Thursday, 21 April 2011

The Rain and the President

A new season is starting in Haiti - and with it, a new period of governance. Tèt kale, as Michel Martelly is nicknamed in his homeland, faces great expectations.

Children play football in front of the temporary shelters inside the SOS Children's Villages as the clouds grow darker - Photo: Hilary Atkins
 On our way to Delmas, Port-au-Prince, I see new tents in the camp we are passing. Is it so much easier to import and set up new tents than to help people rebuild houses? There are 680.000 people still living in tents in Haiti, a full fifteen months after the earthquake.

Lately it has been raining during the nights and right next to the new tents, I see a huge puddle. Two naked children are playing in the muddy brown water. They jump in spreadeagled, soak themselves in the ankle-deep water, then turn over, fill up a bottle and empty it over their heads before starting over again. “What happens when the rain comes?“ I ask the driver. “There will be a lot of problems“, he says, before adding “President ,tèt kale‘ will provide a solution.“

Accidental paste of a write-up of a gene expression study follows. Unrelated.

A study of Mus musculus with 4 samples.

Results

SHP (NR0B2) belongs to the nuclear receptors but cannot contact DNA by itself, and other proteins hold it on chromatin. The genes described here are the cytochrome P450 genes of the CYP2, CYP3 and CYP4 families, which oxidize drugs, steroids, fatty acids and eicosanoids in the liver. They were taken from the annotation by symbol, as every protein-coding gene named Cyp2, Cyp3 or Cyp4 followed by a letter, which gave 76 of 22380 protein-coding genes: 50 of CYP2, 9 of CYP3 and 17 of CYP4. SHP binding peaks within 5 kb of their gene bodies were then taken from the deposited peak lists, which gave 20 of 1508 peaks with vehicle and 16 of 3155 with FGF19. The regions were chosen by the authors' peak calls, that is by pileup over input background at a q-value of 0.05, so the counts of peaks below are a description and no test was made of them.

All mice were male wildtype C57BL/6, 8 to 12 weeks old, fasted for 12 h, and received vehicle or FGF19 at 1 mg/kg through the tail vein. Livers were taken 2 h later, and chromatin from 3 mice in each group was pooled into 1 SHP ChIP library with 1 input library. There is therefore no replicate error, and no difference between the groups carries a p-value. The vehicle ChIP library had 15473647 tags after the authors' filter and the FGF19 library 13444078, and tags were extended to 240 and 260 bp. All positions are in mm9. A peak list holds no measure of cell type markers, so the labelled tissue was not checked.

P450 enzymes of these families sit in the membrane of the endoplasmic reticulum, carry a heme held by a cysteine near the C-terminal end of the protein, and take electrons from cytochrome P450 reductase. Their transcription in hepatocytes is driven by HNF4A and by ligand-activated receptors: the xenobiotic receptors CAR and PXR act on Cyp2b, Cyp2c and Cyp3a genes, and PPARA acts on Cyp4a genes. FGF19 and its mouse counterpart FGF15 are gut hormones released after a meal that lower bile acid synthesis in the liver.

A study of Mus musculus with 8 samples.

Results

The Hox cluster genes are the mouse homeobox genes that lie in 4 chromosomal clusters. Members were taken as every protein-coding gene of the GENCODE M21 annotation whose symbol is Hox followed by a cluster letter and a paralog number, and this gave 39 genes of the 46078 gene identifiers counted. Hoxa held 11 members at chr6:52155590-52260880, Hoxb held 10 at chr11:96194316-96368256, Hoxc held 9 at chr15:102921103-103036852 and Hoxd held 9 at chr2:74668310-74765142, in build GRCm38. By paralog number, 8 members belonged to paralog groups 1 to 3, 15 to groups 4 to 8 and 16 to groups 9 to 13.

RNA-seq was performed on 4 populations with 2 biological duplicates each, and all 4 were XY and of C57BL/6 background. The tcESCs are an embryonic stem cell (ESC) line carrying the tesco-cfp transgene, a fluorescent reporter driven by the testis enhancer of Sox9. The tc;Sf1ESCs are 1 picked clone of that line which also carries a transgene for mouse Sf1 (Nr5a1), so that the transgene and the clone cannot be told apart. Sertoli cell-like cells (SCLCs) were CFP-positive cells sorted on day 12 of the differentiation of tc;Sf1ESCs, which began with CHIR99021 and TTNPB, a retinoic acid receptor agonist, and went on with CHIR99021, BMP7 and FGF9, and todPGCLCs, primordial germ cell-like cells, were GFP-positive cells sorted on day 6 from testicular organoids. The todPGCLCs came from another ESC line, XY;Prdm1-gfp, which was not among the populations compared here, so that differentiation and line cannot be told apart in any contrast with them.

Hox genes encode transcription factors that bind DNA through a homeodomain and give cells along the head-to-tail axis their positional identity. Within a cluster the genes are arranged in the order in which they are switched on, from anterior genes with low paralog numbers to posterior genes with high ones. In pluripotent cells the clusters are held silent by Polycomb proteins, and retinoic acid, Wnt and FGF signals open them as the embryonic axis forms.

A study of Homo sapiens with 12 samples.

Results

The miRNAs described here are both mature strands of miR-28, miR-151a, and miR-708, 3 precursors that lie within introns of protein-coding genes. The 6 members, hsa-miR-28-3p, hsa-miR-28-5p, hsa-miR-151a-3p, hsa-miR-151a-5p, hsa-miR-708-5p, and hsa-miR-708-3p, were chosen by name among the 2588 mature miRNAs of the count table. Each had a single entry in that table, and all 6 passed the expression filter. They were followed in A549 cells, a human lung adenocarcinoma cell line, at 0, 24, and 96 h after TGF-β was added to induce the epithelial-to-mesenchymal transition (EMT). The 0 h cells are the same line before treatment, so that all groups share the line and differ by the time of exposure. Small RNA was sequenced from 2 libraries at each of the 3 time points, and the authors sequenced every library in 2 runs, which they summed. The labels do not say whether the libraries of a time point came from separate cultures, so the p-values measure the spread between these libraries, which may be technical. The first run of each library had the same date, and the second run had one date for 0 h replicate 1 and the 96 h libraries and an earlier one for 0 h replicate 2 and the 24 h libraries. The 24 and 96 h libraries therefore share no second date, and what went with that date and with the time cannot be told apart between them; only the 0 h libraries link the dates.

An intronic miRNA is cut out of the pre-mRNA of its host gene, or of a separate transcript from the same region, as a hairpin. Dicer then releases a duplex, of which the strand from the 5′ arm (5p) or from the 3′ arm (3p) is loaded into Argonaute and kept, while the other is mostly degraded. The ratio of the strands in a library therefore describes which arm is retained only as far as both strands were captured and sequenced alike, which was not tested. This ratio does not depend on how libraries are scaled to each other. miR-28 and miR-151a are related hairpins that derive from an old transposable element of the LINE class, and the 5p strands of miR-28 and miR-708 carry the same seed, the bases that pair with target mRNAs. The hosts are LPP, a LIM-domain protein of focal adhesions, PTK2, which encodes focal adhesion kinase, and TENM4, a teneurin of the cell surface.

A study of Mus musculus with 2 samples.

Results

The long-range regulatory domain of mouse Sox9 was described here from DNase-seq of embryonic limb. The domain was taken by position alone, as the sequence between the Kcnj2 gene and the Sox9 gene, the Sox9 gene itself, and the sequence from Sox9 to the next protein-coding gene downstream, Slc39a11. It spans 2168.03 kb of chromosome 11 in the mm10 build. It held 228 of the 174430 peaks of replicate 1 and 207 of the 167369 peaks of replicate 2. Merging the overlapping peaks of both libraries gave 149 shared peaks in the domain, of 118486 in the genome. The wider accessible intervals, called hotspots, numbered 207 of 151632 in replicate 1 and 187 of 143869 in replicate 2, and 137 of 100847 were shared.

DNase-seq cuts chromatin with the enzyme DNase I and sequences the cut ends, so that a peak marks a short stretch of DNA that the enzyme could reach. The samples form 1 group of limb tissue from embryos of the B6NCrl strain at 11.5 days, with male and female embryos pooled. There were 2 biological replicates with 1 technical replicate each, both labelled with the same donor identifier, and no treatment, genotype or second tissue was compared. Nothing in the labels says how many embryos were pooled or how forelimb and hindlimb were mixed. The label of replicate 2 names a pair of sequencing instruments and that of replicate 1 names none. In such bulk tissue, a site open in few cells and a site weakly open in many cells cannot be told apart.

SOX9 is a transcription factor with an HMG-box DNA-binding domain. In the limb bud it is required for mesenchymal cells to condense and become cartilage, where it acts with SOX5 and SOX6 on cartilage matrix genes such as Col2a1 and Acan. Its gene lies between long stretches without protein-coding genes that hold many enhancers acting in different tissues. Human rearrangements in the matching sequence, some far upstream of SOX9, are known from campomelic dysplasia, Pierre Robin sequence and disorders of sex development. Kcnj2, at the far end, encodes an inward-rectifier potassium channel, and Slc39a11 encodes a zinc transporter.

The destroyed presidential palace in Port-au-Prince is an apt symbol for the challenges facing the designated president Martelly - Photo: Sophie Preisch
 Michel Martelly, who has been nicknamed “Tèt Kale” – a play on words meaning both “shaved head” and “all the way” - won the long and complicated process of the presidential elections that started end of November 2010. The former musician is following the second term of René Préval. The 50-year old has to live up to a lot of expectations, not only in the sector of housing and construction.

After the interim results had been announced, Martelly gave a speech promising a new era for his homeland. He said that his supporters, his country, had voted for change and this change would take place.

The rainy season is about to start, the puddles will grow, the camps will be flooded and 680.000 people living there are likely to react less cheerfully to the waters than those two children I saw in the camp today.

Meanwhile, the temporary shelters inside the SOS Children’s Village have been made reinforced to provide protection from the rain. The prefabricated houses were not sufficiently solid, and during the first months, water entered the houses. Prior to the rainy season they were equipped with additional sealing on the ground and on the roof.
The shelters inside the SOS Children's Village have been reinforced - Photo: Sophie Preisch

“Even though it was raining almost all night, the interior did not get wet, narrates an SOS auntie. “We are fine, everyone was sleeping well“, she says with evident joy.